Where do I get my bees from?
We baited a hive; we put our name on a swarm list. However the most reliable method of populating your hive is to use a nucleus, a young small colony of bees. This is how we populated our hive.
You need to reserve your nucleus straight away; ideally you want your bees to arrive at the start of the nectar flow, this being May / June. There is a shortage of bees so you need to place your order now with a breeder, that being late summer / autumn for spring next year availability.
Select a breeder local to you, preferably of British Bee origin, ask the breeder not to mark your queen in advance.
The advantage of ordering a nucleus early is you are guaranteed bees at the start of the nectar flow. This is a big advantage for the bees and avoidance of winter problems. The colony will have the time to multiply fully, be stronger in health, and gather excess winter stores and possibly some honey for you even.
If you are fortunate enough to receive a swarm, then losing your nucleus deposit should be simply considered as an insurance policy, the nucleus will be welcomed by another beekeeper next on the breeders list.
Transferring bees from a framed nucleus to Warre beehive
Please view the excellent video by Phil Chandler, www.biobees.com. I mentally rehearsed this procedure many times and I found this really helped me.
I also blocked the entrance to our hive so potentially the queen would not leave via this exit with the rest following!
I found the foundation from the nucleus box after I chopped the wooden frame needed gentle handling; large kitchen scissors proved easier than a bread knife and also did the job of the wire cutters. Have a pen to hand to mark the cut width on the top bar of the comb size required; this helps you cut straight when looking through your hood.
We allowed ourselves to dust the bees with icing sugar, as our only Varroa treatment whilst they were all together, I felt it also preoccupied them.
The use of a feather really was very helpful to prevent trapping the bees, under top bars or when replacing the lid.
Call or email when ordering-
You will find the frame bars are deeper than the Warre top bars. This means the quilt box will not sit flush on the hive box below. To avoid this let us know you are going to use a nucleus box for populating your beehive and I will machine the rebate so it accommodates the thicker bars for you. No charge.
What’s involved when keeping bees in a Warre beehive?
The Warre beehive, also known as the Peoples beehive is a top bar hive. It is probably one of the easiest hives to manage, certainly in terms of time management; only once to three times a year requiring manipulation. This is a big plus in terms of natural beekeeping desires.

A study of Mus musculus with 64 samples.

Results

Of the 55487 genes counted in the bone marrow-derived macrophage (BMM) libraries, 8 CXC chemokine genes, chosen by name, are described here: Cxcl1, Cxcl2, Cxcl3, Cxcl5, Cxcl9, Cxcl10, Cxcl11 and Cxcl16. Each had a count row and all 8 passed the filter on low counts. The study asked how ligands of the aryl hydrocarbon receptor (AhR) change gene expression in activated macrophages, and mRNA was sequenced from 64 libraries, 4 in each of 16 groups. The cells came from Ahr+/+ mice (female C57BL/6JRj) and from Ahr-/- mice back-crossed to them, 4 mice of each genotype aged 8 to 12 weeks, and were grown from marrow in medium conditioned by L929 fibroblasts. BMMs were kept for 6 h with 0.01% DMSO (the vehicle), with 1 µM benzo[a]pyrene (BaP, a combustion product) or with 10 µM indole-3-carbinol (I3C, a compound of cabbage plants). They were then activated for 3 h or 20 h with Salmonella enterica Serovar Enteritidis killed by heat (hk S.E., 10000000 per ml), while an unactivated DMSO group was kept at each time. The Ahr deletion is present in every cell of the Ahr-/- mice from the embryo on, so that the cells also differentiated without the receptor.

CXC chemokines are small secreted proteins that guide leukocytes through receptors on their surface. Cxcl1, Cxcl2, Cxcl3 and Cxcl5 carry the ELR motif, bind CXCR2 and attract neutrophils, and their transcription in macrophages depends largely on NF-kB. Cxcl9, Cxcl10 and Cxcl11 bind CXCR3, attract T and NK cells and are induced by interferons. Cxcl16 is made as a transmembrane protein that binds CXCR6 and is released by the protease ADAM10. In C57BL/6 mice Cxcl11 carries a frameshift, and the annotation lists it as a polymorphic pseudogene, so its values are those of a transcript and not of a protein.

From my experience two people are required to lift the hive when additional boxes are required, not so much weight, but the need I feel for a smooth balanced lift. Suggestion- Discus how you are going to lift the hive with your helper. We lift ours across and then down to remove, up and across to replace. This ensures the lift is coordinated the hive remains exactly vertical and actions are smooth.
If your wishing to beekeep single handed then I would suggest utilising a Warre beehive lift. A mobile version of this we are building ourselves and will be available before next year for you.
In addition the English translation of Abbe Warre by David Heaf is essential reading. Type www.warre.biobees.com and open the free e-book (PDF)
Positioning your hive?
- Facing and catching the early morning sun. This helps the bees forage earlier and therefore gather more stores
- Dappled shade from the midday sun, prevents the beehive potentially becoming too hot
- The flight path of the bees needs to be so access by you and other garden users is not going to crossover. Unintentionally they will get caught in your hair, and I don’t exactly have much! Whilst our bees do fly up high quickly, I would say you need a good 10 foot radius around the sides and in-front of your beehive as “beespace” Our pathway alongside the house is directly behind the hives for example and this is OK even for our young daughter.
- The entrance to the hive should be easily accessible for the bees, long grass etc, should be cleared away. Our hives sit on paving stones this also means bees that have missed the landing pad fall onto a surface that is clear and warm aiding their recovery.
- Keep a source of water nearby, a birdbath for example. Put moss or straw in the water for the bees to hold onto, this eliminates drowning.
- You need to be able to service you bees when required easily, you don’t want to be trapped in a corner or having to lean forward to reach, or be tripping over the rockery for example. Position your hive so you can walk around the hive easily, this will mean future bee operations will be easier, less stressful / no stings!